If you believe someone else is at fault for an accident or mistake, or if you have determined you are at fault, there are some points to know.

This guide gives the essentials on determining who might be at fault. It also gives tips on how to handle situations where you are at fault or where you have case for a lawsuit.

Role of An Accident
You can prove fault in a variety of ways. In personal injury cases where someone is hurt, the injured person obviously has a claim. For example, you hit someone by running a stop sign. They did not look to see if you were coming, but because your duty was to stop, you are at fault. This is an example of how complex the event can be. If you do stop, then drive, and you still hit the person, because he or she made a mistake, you might both have some fault.

If the Injured was Careless
Using the previous example with both being responsible, fault may swing both ways in an accident where driver and pedestrian both made mistakes. Therefore, the injured would have less damages to claim in court or in a settlement with you. If you make the mistake and it is completely your fault, you pay the bill. If both sides have roles in the accident, the bill is much less.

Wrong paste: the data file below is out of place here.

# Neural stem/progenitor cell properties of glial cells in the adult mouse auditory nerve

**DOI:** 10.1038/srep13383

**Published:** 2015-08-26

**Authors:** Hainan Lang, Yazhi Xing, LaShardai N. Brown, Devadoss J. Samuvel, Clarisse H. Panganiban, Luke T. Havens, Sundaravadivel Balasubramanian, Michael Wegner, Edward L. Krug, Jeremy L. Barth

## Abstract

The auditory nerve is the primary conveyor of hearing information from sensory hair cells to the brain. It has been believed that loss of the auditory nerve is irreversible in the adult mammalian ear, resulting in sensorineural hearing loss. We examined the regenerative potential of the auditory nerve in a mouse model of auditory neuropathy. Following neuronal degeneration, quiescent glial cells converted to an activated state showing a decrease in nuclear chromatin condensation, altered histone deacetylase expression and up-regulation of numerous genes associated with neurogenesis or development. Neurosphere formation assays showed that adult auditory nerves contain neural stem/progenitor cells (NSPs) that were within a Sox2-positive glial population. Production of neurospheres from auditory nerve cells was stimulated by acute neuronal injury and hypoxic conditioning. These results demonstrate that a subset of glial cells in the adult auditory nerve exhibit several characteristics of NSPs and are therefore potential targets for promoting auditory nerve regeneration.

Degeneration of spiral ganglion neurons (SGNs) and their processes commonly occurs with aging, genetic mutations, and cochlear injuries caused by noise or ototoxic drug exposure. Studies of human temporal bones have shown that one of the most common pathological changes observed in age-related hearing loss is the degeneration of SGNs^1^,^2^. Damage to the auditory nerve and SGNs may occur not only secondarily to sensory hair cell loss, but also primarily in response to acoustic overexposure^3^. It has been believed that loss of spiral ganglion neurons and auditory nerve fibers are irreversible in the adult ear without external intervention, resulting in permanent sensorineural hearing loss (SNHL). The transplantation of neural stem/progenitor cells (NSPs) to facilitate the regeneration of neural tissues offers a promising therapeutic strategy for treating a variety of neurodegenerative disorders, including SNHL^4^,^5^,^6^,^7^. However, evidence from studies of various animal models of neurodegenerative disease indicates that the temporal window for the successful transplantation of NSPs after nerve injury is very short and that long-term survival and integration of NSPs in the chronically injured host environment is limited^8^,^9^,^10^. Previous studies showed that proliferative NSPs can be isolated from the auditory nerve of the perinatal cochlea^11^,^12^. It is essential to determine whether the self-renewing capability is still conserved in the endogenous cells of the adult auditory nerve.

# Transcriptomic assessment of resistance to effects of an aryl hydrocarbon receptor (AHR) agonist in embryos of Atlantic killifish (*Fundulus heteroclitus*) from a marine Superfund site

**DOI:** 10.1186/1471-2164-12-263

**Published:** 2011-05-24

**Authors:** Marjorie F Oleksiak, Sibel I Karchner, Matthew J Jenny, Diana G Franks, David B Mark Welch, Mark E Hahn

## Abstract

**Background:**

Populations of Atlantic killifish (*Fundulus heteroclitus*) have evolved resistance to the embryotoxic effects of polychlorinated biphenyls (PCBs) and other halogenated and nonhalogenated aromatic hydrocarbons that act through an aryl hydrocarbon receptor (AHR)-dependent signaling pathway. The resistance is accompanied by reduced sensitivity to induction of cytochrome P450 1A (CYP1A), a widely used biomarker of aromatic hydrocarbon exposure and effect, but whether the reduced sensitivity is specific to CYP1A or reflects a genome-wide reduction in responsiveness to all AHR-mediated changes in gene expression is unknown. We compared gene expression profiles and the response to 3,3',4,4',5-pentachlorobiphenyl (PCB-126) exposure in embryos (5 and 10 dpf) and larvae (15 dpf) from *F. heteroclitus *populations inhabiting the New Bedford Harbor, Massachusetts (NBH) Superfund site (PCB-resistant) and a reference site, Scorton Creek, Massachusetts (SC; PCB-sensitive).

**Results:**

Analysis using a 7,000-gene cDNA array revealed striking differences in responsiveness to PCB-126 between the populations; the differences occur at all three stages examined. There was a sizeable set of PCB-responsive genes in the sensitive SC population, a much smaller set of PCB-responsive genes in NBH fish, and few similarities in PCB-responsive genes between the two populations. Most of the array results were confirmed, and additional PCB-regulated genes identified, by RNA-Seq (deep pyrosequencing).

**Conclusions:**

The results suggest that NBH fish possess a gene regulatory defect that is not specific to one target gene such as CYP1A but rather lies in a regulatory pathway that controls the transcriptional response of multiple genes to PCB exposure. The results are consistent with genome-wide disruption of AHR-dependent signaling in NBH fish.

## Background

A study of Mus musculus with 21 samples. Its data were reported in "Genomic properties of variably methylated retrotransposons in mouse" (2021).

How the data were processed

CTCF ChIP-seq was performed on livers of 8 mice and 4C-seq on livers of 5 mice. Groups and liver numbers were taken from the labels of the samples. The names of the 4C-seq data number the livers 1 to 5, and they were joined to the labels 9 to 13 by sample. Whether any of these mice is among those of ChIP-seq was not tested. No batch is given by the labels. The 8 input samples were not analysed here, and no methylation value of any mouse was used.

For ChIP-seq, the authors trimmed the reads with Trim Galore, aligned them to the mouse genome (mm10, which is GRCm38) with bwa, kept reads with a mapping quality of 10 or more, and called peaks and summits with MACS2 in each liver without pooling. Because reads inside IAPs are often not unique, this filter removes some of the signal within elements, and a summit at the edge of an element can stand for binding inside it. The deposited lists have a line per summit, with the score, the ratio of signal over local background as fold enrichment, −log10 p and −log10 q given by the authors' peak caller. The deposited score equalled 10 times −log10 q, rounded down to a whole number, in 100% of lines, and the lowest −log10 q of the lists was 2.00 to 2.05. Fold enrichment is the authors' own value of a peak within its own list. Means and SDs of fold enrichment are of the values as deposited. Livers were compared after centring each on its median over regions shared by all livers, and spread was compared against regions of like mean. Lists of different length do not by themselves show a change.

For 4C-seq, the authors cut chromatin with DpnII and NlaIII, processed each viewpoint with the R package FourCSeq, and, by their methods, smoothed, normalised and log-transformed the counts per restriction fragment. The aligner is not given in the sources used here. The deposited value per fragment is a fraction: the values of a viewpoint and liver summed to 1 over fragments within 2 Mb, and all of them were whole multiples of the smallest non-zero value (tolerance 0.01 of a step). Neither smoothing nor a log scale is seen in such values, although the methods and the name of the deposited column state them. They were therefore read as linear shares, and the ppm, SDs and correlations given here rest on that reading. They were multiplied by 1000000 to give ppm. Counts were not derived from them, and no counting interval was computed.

Employer Fault
While car accidents are just one form of personal injury law, let's consider another similar example. A company truck runs a red light, hits you, and you get whiplash. In this example, the company is often also legally responsible for the mistake. Therefore, you may get more money. It does not matter if the employer made the mistake or not; if an employee they hired and allowed to drive made a mistake, the result is liability.

Property Accident
If you rent an apartment and something bad occurs such as you slip and fall on a piece of loose floor, you might also have a personal injury case. Remember these are just the general uses of accident and personal injury law. If the apartment or building is not kept safe, the owner can be held responsible, no matter if he or she was aware of the problem or not.

Defective Product Claim
Some common problem are food contamination and medication mistakes. If the manufacturer of a food sells something spoiled, a market sells it, both the manufacturer and seller are at fault. If you take a medicine which is not supposed to have the side effects it has, you can sue the company who made the drug and the company who directly sold it to you (the pharmacy).

There is a lot of room for variation in these examples. But it gives you a general idea on the most common cases where someone is at fault for a mistake. Just because someone is at fault does not mean you will always get results. And in some situations you may not want to sue. Because this process can be lengthy, ensure you know the laws. The best person to explain this process is a professional personal injury lawyer. He or she will likely only be paid if you win; if you have a winnable case, most personal injury lawyers will tell you by offering to take it.